Finally a nice weekend to get some work done. The outside air temp was nearly 50 degrees and due to my stellar insulation job the inside temp was colder. This weekend I worked to get the place ready for rough plumbing and electrical.
I’ll add some pics to this post….my phone battery died….check back later!
I purchased an EZ Tankless hot water heater which is a MA approved direct vent model that runs on LPG. It’s a sealed unit that does not use combustion air from the house. Instead, it uses a unique pipe within a pipe system where fresh air comes in from the outside pipe and exhaust leaves the center pipe. This preheats the air and cools the exhaust.
I started by installing 4 inches of foam left over from the outside in the water heater bay. On top of that a 2×3 fits nicely to hold the insulation in place and provide a mount for the heater.
I used a 4.25 inch hole saw to make a hole for the pipe. Even though the instructions say no special clearances are needed for the pipe, I lined the hole with a sheet metal thimble and put some metal plates on either side of the wall. The seams of the pipe get sealed with HVAC metal tape. A couple of deck screws attach the unit (which is not that heavy) to the wall
A mistake I made was not cutting the holes around my drains big enough. I ended up using the 4 inch hole saw to open up the shower and toilet holes. A tip for using a hole saw on an existing hole: Use the saw to cut a hole scrap plywood. Attach the plywood scrap to the deck with screws and use it to guide the saw. Rather than guiding the blade from the center drill, you guide it from the outside.
I bought a Kohler shower kit from the Depot and installed the temperature control in the shower unit. Since the shower unit is so small, I decided to place it off-center which hopefully will make it less likely to poke you when showering.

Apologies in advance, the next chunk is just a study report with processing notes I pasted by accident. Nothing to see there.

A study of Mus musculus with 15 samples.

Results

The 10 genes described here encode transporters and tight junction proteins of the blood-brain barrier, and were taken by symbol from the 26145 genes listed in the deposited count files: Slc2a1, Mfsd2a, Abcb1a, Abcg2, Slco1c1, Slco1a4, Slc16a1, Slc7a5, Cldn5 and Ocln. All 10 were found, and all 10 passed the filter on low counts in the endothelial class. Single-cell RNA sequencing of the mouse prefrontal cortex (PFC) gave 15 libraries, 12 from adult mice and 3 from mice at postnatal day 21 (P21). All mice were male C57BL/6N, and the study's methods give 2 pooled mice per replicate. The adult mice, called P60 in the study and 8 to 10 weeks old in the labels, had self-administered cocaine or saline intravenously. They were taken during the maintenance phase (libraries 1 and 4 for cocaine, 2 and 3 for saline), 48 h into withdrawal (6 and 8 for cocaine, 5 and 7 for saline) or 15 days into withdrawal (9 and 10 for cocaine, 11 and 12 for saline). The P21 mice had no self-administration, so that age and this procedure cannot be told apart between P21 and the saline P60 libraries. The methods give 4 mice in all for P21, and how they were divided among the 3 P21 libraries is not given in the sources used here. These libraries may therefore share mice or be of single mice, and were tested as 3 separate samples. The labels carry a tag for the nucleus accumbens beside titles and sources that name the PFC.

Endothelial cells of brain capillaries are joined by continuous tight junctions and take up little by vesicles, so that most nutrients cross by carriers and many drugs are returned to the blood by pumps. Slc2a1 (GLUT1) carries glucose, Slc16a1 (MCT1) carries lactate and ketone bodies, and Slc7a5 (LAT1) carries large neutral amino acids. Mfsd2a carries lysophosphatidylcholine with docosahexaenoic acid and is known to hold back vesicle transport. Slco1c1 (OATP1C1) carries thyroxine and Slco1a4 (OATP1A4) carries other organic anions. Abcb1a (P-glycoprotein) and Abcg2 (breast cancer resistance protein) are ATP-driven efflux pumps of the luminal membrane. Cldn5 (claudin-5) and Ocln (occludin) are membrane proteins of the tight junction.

The shower head I mounted in the ceiling a little towards the wall rather than the middle. You dont want water spraying on the opening too much.
I bought a laundry box to make life easier. Its plastic and pretty flimsy (like everything these days) but I think it will work. I used some fender washers and deck screws to attach it to the framing members rather than the included bracket which were shit.
With all the big stuff out-of-the-way, I marked up the floor and installed scrap plywood in the places where piping would be coming and going. I don’t want the plumber making it up as he goes.
I began framing the kitchen cabinets as a bonus task this weekend and discovered that my building is not as square and flat as I thought. It seems that the slab is 1/2 inch higher in the middle than the sides. This translates into my kitchen cabinets touching the floor on one end and being 1/2 inch up on the other.
I also discovered that the floor above is a bit out of level. I spent a bit of time getting a reference lines that I could work off of. This kind of thing is fairly common, you just need to plan ahead so no one notices when the project is finished.
After a bit of wrangling I got the upper cabinets framed and a the two ends of the lower cabinet assembled. I ran out of lumber and will try to finish up after work this week.